I wish I had a dime for every time I've heard this statement from Wall Street. How can anyone argue with it? It's an absolute truism, yet it's completely irrational. Let's walk through the argument.

This is how it goes:

If you needed heart surgery, you wouldn't go to the cheapest heart surgeon, would you? So why would you use the least expensive investment vehicles?
Aside from being an absurd "apples and oranges" comparison, this argument has a fatal flaw. My surgeon wouldn't need to make someone else sick in order to make me better. Investing, on the other hand, is a zero sum game. Since the stock market can only return whatever it decides to return, and since 90% of the market is professionally managed or advised, one professional must outperform at the cost of other professionals if he or she is to add value. After costs, the vast majority will fail in the long-run.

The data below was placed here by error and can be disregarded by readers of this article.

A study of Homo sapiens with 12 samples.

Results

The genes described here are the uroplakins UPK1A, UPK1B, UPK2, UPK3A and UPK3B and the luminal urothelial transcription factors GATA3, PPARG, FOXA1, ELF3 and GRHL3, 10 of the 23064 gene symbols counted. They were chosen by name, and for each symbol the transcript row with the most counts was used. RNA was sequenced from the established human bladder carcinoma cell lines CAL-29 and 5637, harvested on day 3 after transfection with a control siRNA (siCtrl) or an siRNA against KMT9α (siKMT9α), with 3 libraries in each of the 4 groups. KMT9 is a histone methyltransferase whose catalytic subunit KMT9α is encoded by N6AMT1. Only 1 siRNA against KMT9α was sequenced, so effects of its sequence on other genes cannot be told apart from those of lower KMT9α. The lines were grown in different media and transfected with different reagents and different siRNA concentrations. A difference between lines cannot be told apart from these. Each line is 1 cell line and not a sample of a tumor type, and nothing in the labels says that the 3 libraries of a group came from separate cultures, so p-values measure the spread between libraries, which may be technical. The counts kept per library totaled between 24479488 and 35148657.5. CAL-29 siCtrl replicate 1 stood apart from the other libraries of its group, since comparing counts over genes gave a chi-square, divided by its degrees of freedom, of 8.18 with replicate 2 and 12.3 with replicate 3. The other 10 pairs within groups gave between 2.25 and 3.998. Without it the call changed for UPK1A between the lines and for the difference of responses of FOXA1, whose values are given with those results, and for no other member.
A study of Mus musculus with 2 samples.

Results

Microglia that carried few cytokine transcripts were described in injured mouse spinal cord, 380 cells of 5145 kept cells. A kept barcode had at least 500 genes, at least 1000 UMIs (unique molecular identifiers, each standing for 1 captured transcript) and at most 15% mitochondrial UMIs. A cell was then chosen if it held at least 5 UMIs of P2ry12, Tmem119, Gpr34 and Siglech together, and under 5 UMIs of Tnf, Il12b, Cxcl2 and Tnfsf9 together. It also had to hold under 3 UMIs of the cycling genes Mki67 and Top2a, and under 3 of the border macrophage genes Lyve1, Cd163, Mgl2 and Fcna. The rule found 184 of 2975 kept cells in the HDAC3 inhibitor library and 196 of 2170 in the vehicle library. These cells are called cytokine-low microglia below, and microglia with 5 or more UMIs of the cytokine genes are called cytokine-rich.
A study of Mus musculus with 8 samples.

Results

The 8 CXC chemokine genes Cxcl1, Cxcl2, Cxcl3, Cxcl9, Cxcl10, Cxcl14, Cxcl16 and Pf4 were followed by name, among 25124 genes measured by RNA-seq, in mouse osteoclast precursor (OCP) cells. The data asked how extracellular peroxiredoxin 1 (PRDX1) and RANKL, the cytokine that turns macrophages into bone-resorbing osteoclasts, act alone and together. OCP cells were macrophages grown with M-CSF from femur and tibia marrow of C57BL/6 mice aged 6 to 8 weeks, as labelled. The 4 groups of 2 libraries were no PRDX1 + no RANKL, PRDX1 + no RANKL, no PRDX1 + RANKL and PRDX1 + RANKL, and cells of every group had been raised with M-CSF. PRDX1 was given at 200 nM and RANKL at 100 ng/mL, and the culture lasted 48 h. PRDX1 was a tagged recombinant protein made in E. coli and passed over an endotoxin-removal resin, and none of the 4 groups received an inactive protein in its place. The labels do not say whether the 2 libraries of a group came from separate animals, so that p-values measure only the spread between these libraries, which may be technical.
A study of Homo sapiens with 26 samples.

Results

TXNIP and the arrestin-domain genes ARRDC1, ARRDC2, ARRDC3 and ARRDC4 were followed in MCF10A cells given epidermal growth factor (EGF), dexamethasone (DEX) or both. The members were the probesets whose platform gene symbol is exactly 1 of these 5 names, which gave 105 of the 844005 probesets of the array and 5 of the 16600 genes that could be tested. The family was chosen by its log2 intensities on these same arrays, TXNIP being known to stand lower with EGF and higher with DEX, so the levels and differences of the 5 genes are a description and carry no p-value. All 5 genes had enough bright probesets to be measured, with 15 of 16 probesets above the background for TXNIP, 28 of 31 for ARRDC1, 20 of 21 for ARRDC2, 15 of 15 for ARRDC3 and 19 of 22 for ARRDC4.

Why this statement is irrational
Clearly, total return is more important than costs. But the higher the costs, the more the professional must outperform other professionals just to break even. The data supports the logic that higher fee investments tend to have lower returns. An example can be seen here for mutual funds where higher costs lead to lower performance.


It is the data that shines a light on the irrationality of the "returns over costs" statement. Rather like saying "it's not whether you smoke, it's how long you live that matters." Kind of an illogical statement since smoking tends to lower your life expectancy. In investing, costs tend to lower your returns.

A more rational statement
The next time you hear the statement that returns matters more than costs, I recommend you agree with them. Then say, "The best predictor of returns for each asset class has been shown to be costs." The best way to get higher returns is to lower your costs.

The next time you hear the statement "don't worry about costs, worry about total returns," be careful that you may be about to fund someone else's retirement plan.